Committed, proud, loud and brave. The Royal Blue. They’re coming for you. And what a shade of blue it will be when the skipper leads Schalke 04 out for the 2020/21 Bundesliga campaign adorned with the beautiful new Umbro kit that launches today. A 116-year old footballing institution, thriving in the third year of a beautiful friendship with the cultural colossus of clothing Umbro. It couldn’t be better married.
Umbro, the apotheosis of British sportswear. And brilliantly, coincidentally founded in the Cheshire heartland in exactly the same year that Schalke 04 became the club as now known the world over; 1924.
Ignore your friends, ignore the media, forget your Bayerns and your Borussias. Haven’t you heard? Schalke is chic. The working man’s club who coaxed the miners out of the mines became Die Knappen, entertaining the diligent, productive proletariat of a core base that made up both supporters and staff. 100 years on, the club has been almost unrivalled as a conveyor belt of internationally renowned footballing megastars that currently punctuate the major leagues of Europe, the secret home base of hotshots you might not have been aware of. Take Leroy Sané, Mesut Özil, Julian Draxler and arguably the greatest goalkeeper of all time, Manuel Neuer. Just right there, those four players. All graduates of Die Knappenschmiede academy.
Schalke are the team you didn’t know you were supposed to like; the pioneers before the pioneers of a type of football whose essence has been continued and knitted through the annals of football history by the likes of Rinus Michels, Johann Cruyff, and Pep Guardiola. One of the best supported teams in the best supported league, bar none, and FYI, they’re also the reason the Bundesliga has 18 teams in it today.
The insignia of Schalke is one the most recognisable for a German club outside of a Deutschland, encapsulating the essence of its existence into a simple, subtle, but striking design - ever noticed that giant ‘G’ that insulates S04? That’s representative of Gelsenkirchen, the western city in which Schalke is situated, and whose population literally put blood, sweat and tears into its foundation, an area that thrived during the Industrial Revolution as did Umbro’s spiritual home of Manchester.
Need further reason to wear that cool, brilliant blue? Go way past the ‘97 UEFA success in Milan, dig out the history books and track back to the glory days of the peerless pair of Ernst Kuzorra and Fritz Szepan, two men who devoted their entire playing careers to Die Königsblauen. Then look further, decades later, the club’s still all-time top goalscorer who dragged them literally kicking and screaming through the seventies, Klaus Fischer, the man basically patenting the most aesthetically-pleasing strike of all; the bicycle kick.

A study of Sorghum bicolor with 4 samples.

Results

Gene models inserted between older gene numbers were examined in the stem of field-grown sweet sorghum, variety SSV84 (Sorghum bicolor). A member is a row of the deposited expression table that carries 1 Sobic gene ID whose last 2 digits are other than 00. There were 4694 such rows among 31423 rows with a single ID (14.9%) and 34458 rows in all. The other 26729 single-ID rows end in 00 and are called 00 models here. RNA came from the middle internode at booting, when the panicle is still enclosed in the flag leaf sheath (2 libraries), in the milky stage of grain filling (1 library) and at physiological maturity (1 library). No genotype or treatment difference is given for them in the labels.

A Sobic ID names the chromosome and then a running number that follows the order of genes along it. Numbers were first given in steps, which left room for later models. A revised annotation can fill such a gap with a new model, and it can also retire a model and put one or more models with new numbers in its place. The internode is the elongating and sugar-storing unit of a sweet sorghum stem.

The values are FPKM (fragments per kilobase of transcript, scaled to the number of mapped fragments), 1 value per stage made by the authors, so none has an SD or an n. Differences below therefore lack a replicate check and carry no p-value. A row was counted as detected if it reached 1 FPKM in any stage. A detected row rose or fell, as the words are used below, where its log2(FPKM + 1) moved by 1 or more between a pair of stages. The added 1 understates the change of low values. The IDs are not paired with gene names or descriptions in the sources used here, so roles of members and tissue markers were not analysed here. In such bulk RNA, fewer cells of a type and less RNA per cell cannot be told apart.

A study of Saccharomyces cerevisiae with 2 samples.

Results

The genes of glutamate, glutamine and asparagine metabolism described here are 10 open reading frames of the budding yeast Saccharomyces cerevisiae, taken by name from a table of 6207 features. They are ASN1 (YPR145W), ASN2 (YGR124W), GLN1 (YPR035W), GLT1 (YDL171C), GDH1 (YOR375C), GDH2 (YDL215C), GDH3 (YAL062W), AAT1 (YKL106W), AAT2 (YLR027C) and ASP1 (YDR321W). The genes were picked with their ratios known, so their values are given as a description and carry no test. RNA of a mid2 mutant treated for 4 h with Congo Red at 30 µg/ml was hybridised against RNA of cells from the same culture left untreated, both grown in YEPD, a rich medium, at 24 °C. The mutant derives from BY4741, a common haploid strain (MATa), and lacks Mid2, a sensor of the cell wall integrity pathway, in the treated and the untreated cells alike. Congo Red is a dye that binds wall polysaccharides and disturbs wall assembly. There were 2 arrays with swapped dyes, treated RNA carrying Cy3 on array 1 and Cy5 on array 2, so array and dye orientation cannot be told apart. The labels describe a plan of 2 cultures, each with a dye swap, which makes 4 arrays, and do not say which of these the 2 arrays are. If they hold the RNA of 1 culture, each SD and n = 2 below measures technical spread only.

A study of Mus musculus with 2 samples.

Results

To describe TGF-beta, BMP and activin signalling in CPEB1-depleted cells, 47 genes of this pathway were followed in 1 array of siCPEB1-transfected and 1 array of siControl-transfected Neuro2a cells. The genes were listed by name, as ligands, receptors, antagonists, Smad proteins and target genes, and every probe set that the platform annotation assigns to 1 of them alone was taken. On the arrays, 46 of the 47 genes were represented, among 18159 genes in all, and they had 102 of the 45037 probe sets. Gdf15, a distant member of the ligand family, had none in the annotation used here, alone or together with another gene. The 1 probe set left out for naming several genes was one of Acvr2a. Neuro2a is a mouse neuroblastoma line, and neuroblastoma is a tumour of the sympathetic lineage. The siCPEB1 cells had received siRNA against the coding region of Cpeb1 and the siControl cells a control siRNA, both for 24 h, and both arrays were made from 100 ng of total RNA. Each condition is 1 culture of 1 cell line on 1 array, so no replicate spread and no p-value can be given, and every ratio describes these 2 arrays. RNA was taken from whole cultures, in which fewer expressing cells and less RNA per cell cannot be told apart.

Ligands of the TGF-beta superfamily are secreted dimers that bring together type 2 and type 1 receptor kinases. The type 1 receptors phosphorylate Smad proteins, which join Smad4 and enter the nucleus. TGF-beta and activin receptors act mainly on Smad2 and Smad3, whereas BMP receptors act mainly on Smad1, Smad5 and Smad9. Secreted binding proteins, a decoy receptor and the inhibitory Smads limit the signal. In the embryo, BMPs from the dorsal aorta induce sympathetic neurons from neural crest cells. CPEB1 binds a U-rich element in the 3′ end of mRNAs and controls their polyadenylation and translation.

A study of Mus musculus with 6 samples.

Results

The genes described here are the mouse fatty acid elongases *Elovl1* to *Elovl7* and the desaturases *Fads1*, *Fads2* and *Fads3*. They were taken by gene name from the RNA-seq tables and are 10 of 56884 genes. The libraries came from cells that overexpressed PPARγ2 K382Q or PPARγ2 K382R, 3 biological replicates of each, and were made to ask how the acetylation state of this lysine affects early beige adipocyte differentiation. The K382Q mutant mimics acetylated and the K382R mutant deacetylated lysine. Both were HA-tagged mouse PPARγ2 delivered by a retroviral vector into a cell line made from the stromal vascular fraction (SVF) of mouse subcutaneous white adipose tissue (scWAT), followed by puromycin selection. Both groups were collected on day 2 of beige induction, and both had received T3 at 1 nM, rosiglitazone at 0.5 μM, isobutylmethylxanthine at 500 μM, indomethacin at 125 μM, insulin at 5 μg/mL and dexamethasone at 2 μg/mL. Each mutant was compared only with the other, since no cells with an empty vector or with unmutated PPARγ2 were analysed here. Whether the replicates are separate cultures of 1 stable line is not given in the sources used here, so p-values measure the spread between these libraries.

It was still a club that had the prestige to attract Real Madrid legend Raúl to squeeze the last juice out of the majestic Madrileño and rewarded the forward with his only ever domestic cup, and also persuaded Klaus-Jan Huntelaar to move east from the Spanish capital and become the division’s kicker Torjägerkanone, with only Fischer above him in the prolificacy stakes for the club.
From that dominance in the thirties - less than a decade after adopting the Blue and becoming known for the Schalke ‘Spinning Top’ style of soccer (Schalker Kreisel) - today it’s David Wagner in the chair, the German/American BFF of Premier League, Champions League-winning manager Jürgen Klopp, for whom he acted as best man at the Liverpool gaffer’s wedding in ‘05. In fact, Wagner likes the Umbro - his association stretches back even further to when he guided Huddersfield Town to the English top tier for the first time in 45 years kitted in Umbro regalia, another iconic blue and white for a historic European establishment.
Cup connoisseurs who had two consecutive DFB-Pokal triumphs post-millennium, it was memorably within that historic competition in which they were one half of a game for the ages in a clash with Bayern, the 6-6 thriller of ‘84. It’s therefore a fitting fellowship with Umbro, the ones who were there from their debut in the 1934 FA Cup final, to Man Utd in Barca in ‘99, drying Gazza’s tears, and Bobby Moore lifting the World Cup.
Schalke are still waiting for that elusive Bundesliga crown. The dynasty of course requires its subjects and having the Umbro connection is the perfect way to acquire them. It is both a privilege to either bedeck or be beautified with the strikingly eye-catching clean-cut colour, to be one of the Miners who became Majesty. Born on May 4, 1904. Twenty years later becoming the Royal Blue. Later ascending to true German football nobility. So who will be the next player to be ornamented in Umbro, to have the distinction of attempting to emulate Messrs Kuzorra, Sczepan and Huntelaar? Whoever it is, they’re going to look good doing it.